March 29, 2005
Anyway, more on the political ramifications of the situation on the GOP from the NY Post's John Podhoretz.
In other words, some people are currently angry with Republicans not because they feel so strongly against their position on this matter, but rather because the GOP's actions have forced them to confront an extremely uncomfortable issue - one that they've probably ended up arguing over with family and friends recently (as I politely did this weekend). Podhoretz warns the Left about overplaying its hand on this issue:
"[T]he problem here may not really be a substantive disagreement with the major-domos of the GOP. Rather, it may be that people are upset at being forced to pay attention to a uniquely disturbing and tragic story that just hits too close to home.
After all, if you haven't been confronted with a difficult choice in a hospital with a dying relative, you almost certainly will be at some point in the future.
And the image of Terri Schiavo looking at that floating balloon is a vivid portrait of a powerful human fear Â— the fear of incapacitation, either your own or a loved one's."
"If I'm right, there's a risk for Democrats and liberals who want to use this as a wedge issue against Republicans. The public will resent them just as much as it resents the Republicans and conservatives for keeping the subject alive long after Terri Schiavo is dead."Fear of the Dems making political hay over all of this may very well be misplaced.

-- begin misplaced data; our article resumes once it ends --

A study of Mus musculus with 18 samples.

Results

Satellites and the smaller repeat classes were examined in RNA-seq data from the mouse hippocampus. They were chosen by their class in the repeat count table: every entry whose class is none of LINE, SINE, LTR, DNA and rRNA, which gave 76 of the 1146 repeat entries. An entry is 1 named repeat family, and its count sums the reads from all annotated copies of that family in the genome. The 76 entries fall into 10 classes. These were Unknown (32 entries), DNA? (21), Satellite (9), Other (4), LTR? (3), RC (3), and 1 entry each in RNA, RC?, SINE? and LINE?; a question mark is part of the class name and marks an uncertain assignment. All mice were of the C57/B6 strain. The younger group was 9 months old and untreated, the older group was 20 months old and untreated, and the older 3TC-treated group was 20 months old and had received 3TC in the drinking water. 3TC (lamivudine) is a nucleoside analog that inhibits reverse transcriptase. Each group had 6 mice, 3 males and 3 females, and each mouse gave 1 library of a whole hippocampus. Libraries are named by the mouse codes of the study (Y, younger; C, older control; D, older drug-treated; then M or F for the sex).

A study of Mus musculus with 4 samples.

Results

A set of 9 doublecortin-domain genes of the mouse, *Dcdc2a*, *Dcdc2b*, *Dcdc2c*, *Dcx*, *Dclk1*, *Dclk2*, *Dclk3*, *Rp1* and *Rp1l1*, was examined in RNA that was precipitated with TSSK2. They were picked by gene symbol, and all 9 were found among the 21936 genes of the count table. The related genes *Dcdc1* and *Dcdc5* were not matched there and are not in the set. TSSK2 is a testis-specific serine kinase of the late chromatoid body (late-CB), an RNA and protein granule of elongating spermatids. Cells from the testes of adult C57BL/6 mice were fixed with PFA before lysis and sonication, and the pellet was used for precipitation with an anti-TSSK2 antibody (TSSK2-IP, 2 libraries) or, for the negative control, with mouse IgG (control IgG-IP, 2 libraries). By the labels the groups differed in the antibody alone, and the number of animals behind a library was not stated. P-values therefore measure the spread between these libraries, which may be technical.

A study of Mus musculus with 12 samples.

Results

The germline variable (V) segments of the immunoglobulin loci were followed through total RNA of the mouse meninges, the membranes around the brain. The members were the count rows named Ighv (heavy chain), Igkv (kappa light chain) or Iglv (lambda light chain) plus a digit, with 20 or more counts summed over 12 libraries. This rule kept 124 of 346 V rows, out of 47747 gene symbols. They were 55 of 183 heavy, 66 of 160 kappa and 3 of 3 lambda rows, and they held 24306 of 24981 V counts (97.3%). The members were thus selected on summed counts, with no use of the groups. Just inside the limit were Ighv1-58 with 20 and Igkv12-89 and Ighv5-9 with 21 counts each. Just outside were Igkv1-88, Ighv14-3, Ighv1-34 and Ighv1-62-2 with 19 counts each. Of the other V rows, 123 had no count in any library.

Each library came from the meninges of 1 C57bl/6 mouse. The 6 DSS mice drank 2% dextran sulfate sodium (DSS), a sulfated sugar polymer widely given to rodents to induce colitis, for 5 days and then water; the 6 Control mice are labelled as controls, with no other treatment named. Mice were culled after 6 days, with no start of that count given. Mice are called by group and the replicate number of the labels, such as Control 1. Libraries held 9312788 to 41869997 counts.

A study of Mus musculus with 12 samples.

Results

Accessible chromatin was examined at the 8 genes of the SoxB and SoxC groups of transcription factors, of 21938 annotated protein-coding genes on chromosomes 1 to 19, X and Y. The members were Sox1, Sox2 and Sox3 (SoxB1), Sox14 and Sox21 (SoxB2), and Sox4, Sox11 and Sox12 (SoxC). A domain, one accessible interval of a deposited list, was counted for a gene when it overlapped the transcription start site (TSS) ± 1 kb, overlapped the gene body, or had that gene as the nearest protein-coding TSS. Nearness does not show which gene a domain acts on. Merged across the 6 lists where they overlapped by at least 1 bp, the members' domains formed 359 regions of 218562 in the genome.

And The Village Voice (no right-wing rag) begs the question: In the long run, does this help Republicans? A piece that ran today warns gloating Democrats that the end result could do just that. How?
And something else to ponder - a question was brought up today by Rush Limbaugh during the third hour of his broadcast. If the Left is, in fact, on the right (meaning correct) side of the Shiavo debate, why has Hillary offered nary a single word on TerriÂ’s "right to die"? The silence speaks volumes.
"[The] Schiavo [case] has given conservative Republicans a way to raise other, wider issues: For example, what happens when the graying baby boomers hit 85? When these people get very ill, do they, as some have put it, "have a duty to die"? And, despite the advances in costly medical technology that extends longevity, will their duty to die become an even more harsh reality because Congress has refused to fix the Social Security and Medicare mess?
These end-of-life issues feed directly into the most heated partisan politics. Daniel Henninger wrote in Friday's Wall Street Journal: "Democrats and others have accused Republicans and President Bush of playing politics with the Schiavo case. Let's hope so. Unlike most, this is a necessary politics that ought to draw the whole country into the argument. . . . Republicans are said to have a pro-life litmus test for judicial nominations. Does this mean that President Hillary Clinton's litmus test would require her judicial nominees to be: pro-abortion, pro partial birth abortion, pro right-to-suicide, and pro pull the plug on medical cases deemed hopeless?"